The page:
I have been following The Survivalist Blog for two years, and have witnessed the growth of not only the website, but its followers as well. It was one of the first blogs I read when I left the ranks of the Sheeple. It has continued to appeal to me through the different phases in my prepping journey.
First, Mr. Creekmore seems to be a caring and conscientious editor. He gives his readers regular updates on his life while remaining OPSEC aware, not an easy task. These insights personalize the blog, and prevent it from being only an instructional tool. He has a PayPal button on his site, and always gives a hearty thank you to those who donate. In addition, he tells us how the donations further his own preps, which show his readers not only that he uses the donations responsibly, but give readers a product review to look forward to!
Second, The Survivalist Blog seems to follow the format of Rawles' Survival Blog in some ways, but remains different in a few key ways. It remains similar by frequently hosting guest articles on a variety of topics. This allows preppers who don't blog to share their vast range of skills and specialties in a public forum. It gives The Survivalist Blog's readers a lot of "written voices" to enjoy. It spreads experience and knowledge for the benefit of all of us. Also it is similar because like Rawles' "Odds and Sods," Mr. Creekmore posts updates, links, thank-yous, and commentary of his own.
However, it may be two differences (from Rawles' blog) that I enjoy the most.
The first difference is that The Survivalist Blog allows comments and pictures or diagrams. The community that has grown in the comment section of The Survivalist Blog not only shares knowledge but also rejoices together in small achievements. It's evident that the commenting community has gotten to know each other and it always has a respectful tone. Pictures are worth a thousand words, and frequently a choice diagram can take the place of excessive written explanation. I must be a "visual learner" because I am sometimes frustrated by the lack of diagrams on Rawles' blog.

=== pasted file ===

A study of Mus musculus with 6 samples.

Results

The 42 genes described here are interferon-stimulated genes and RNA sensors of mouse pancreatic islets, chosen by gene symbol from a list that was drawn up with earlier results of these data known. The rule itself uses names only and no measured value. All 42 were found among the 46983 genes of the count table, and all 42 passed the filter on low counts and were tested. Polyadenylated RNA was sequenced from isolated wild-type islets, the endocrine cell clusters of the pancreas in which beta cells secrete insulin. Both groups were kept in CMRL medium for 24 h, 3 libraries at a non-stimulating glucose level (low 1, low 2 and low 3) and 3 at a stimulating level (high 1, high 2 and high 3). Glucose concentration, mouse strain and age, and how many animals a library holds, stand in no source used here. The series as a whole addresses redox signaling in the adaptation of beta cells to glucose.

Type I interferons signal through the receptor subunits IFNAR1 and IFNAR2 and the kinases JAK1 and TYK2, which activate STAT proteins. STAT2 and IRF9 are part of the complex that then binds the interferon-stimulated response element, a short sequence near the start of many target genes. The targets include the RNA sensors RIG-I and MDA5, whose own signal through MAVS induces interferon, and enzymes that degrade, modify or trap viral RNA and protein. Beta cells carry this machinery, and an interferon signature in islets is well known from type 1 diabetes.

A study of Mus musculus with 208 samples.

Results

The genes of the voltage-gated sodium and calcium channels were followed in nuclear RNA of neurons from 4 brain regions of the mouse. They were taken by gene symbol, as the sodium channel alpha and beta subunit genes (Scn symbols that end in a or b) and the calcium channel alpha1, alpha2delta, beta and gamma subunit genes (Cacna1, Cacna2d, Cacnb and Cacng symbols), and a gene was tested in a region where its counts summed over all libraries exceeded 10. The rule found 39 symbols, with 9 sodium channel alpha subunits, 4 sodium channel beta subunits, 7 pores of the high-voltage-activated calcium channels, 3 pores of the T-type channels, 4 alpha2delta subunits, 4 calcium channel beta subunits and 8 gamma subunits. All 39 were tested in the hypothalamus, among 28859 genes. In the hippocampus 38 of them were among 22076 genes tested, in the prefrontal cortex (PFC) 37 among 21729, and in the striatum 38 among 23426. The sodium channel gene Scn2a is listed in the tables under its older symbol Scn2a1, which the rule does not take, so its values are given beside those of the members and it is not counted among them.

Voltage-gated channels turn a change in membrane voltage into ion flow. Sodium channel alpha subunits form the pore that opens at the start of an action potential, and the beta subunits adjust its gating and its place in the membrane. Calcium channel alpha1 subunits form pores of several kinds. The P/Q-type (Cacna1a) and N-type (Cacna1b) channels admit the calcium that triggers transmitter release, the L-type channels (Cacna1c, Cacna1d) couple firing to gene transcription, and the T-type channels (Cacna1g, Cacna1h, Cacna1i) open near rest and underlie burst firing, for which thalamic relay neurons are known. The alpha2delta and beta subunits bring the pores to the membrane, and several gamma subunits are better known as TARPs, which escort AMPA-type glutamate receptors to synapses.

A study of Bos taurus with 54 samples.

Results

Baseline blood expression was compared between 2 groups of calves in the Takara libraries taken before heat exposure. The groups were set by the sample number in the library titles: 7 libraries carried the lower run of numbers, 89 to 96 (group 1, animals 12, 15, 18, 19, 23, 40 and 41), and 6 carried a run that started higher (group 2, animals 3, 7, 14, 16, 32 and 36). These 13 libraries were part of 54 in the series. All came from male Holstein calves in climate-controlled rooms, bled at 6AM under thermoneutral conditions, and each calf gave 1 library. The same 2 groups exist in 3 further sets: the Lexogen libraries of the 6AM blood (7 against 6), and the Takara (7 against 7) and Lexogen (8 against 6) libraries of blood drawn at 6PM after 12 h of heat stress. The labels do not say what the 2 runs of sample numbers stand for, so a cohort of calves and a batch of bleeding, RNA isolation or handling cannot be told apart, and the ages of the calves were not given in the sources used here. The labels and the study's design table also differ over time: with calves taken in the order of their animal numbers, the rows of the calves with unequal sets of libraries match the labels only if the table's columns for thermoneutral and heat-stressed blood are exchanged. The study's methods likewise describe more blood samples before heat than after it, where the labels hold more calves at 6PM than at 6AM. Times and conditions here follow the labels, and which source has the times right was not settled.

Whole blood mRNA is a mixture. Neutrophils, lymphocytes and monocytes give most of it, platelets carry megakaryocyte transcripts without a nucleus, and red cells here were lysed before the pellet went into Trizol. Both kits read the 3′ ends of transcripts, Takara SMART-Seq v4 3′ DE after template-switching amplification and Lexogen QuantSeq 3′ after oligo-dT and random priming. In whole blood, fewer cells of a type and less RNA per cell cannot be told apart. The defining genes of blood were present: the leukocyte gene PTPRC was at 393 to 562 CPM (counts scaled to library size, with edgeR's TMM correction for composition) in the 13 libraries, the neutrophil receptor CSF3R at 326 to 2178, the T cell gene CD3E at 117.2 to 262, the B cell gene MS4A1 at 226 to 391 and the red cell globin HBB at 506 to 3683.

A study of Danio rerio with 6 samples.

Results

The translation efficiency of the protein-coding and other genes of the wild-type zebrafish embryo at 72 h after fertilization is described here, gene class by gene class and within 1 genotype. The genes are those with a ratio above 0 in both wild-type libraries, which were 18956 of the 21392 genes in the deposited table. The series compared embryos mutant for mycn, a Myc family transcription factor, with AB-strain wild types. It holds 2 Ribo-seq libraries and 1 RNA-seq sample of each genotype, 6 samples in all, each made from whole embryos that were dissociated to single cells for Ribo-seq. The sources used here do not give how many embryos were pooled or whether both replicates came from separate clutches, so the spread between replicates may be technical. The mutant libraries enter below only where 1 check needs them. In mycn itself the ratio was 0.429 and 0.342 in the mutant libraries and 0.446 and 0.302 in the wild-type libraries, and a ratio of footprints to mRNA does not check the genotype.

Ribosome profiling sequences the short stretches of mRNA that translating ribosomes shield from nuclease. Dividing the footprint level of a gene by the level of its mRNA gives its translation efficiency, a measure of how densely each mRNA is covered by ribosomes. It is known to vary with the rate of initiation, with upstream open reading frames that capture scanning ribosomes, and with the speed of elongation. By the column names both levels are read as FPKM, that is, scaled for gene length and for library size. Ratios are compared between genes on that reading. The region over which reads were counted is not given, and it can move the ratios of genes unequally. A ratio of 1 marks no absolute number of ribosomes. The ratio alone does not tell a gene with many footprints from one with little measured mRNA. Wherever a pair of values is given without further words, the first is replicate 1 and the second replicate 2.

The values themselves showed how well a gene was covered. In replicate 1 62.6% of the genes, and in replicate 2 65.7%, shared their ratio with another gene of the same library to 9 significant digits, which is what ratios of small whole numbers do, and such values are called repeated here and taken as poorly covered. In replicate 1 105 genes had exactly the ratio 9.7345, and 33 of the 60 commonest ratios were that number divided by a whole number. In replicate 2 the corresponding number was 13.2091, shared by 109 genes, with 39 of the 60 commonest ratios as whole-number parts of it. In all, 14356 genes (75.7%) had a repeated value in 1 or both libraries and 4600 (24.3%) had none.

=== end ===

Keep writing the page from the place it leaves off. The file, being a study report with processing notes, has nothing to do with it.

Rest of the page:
The other difference I appreciate is the lack of excessive doom and gloom. Although Mr. Creekmore has chosen a retreat-and-defend emphasis for his own preps, he isn't as stringent in his insistence for his readers to take the same approach. Simply leaving the rank of Sheeple and awakening to the fragility of our nation is terrifying for most of us. It doesn't help to then be confronted with every article, link, map and commentary reinforcing that. Sometimes just taking the next step for your family is the only thing you can do. Mr. Creekmore and his guest articles encourage fellow preppers to learn skills and do the next right thing. Rawles tells you to move to Idaho and buy expensive night vision goggles, whereas on The Survivalist Blog you are congratulated for buying another box of .22 ammo and locating all the natural bodies of water near you.
All in all, I continue to read and enjoy Mr. Creekmore's The Survivalist Blog because it is encouraging and useful. Although my mindset and prepping activities have changed and matured over the last few years, the content and positive attitude found there have kept me coming back.